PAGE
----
1. This stochastic dynamic model demonstrated that monkeypox outbreaks in the United States can be controlled on college campuses with timely detection and isolation of symptomatic cases.
2. In this simulation model, detection and isolation practices led to a significant decrease in the average number of infections.
Evidence Rating Level: 1 (Excellent)
Study Rundown: The first American cases of monkeypox were detected in May 2022, with continuous monitoring as the risk of possible outbreak persists. College campuses represent a large conglomeration of individuals in close proximity, with many students living in dormitories. There is further concern that an uncontained outbreak could result in the temporary closing of campuses, impacting education. However, there is a gap in knowledge as to how to understand monkeypox would spread in a college campus setting and how containment protocols could help prevent transmission. Overall, this study modeled the spread of monkeypox on a residential college campus and found that early detection and isolation of symptomatic cases can dramatically control the spread of monkeypox. This study was limited by using a simulation model, which is a stylized portrayal of behavior and transmission on a college campus. Nevertheless, these findings are significant, as they demonstrate that if future outbreaks of monkeypox occur, early detection and symptomatic isolation play a critical and important role in containment.
Click to read the study in AIM
Relevant Reading: Contact Tracing and Exposure Investigation in Response to the First Case of Monkeypox Virus Infection in the United States During the 2022 Global Monkeypox Outbreak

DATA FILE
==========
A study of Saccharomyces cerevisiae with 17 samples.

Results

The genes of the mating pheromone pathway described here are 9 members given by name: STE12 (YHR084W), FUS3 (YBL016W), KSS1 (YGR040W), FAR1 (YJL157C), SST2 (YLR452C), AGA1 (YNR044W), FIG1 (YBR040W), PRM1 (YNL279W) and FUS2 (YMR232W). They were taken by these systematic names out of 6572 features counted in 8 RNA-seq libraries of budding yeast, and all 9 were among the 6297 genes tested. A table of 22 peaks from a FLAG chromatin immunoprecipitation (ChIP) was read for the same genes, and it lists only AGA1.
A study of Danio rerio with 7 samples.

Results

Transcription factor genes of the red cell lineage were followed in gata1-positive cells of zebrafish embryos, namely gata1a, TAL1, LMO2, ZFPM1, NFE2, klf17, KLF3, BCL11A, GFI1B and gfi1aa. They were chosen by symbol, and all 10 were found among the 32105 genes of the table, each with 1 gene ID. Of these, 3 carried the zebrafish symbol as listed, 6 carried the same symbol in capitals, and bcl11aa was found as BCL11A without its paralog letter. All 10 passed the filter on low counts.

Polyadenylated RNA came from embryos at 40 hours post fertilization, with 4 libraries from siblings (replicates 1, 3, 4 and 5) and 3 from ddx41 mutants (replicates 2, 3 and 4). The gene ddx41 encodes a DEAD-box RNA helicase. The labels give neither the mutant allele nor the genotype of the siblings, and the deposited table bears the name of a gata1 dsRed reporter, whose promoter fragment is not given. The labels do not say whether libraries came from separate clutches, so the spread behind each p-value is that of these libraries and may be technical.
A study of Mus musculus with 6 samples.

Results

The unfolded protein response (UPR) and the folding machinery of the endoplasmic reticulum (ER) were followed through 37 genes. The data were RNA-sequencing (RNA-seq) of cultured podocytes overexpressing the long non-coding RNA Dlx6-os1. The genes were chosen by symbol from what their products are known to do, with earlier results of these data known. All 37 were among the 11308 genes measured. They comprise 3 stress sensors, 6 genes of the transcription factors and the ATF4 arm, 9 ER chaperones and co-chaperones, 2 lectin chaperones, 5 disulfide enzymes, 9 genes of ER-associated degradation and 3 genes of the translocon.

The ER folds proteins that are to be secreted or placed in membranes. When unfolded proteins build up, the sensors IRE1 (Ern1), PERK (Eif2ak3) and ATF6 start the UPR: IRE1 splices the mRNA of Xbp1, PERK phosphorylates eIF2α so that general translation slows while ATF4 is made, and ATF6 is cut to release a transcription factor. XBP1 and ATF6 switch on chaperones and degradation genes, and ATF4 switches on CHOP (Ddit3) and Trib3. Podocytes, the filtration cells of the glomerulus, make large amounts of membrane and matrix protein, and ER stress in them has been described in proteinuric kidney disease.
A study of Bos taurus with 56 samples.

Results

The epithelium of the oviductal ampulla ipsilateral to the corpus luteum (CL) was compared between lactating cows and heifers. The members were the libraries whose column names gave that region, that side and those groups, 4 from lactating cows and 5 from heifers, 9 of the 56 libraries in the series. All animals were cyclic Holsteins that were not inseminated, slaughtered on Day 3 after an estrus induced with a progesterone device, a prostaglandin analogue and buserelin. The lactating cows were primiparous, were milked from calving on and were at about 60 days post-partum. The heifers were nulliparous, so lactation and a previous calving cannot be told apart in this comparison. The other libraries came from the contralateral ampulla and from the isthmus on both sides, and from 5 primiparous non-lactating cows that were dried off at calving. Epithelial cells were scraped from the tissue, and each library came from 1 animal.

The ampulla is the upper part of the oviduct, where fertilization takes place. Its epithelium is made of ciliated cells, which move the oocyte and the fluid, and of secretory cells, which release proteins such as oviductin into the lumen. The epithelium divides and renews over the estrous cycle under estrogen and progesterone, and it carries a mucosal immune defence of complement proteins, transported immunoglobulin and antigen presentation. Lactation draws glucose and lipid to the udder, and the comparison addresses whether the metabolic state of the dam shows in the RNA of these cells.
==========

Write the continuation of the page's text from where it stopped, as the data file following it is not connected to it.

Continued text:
In-Depth [stochastic dynamic model]: This was a stochastic dynamic SEIR (susceptible, exposed but not infectious, infectious, or recovered) model of monkeypox transmission on a college campus. Participants in the model consisted of a high-risk group with a basic reproductive number (R0) of 2.4 and a low-risk group with an R0 of 0.8. Base input assumptions included an incubation time of 7.6 days and a time to recovery of 21 days. The participants were modeled off of a hypothetical cohort of 6,500 students. The primary outcome measures were the proportion of 1,000 simulations producing sustained transmission, mean cases given sustained transmission, and the maximum number of students isolated, quarantined, and vaccinated. Outcomes in the primary analysis were assessed via two-way sensitivity analyses and the Gillespie algorithm to allow for the likelihood of small outbreaks. Based on the primary analysis, the model estimated an 83% likelihood of sustained transmission leading to an average of 183 cases without mitigation measures. With increasing mitigation measures of detection and isolation of 20%, 50%, and 80% of cases, the average number of infections would fall to 117, 37, and 8, respectively. Reactive vaccination of contacts of detected cases (assuming 50% detection and isolation) reduced mean cases from 37 to 17, assuming 20 vaccinated contacts per detected case. Preemptive vaccination of 50% of the high-risk population before the outbreak reduced cases from 37 to 14, assuming 50% detection and isolation. In summary, this study demonstrated that future outbreaks of monkeypox can be effectively controlled with timely detection and isolation of symptomatic cases on college residential campuses.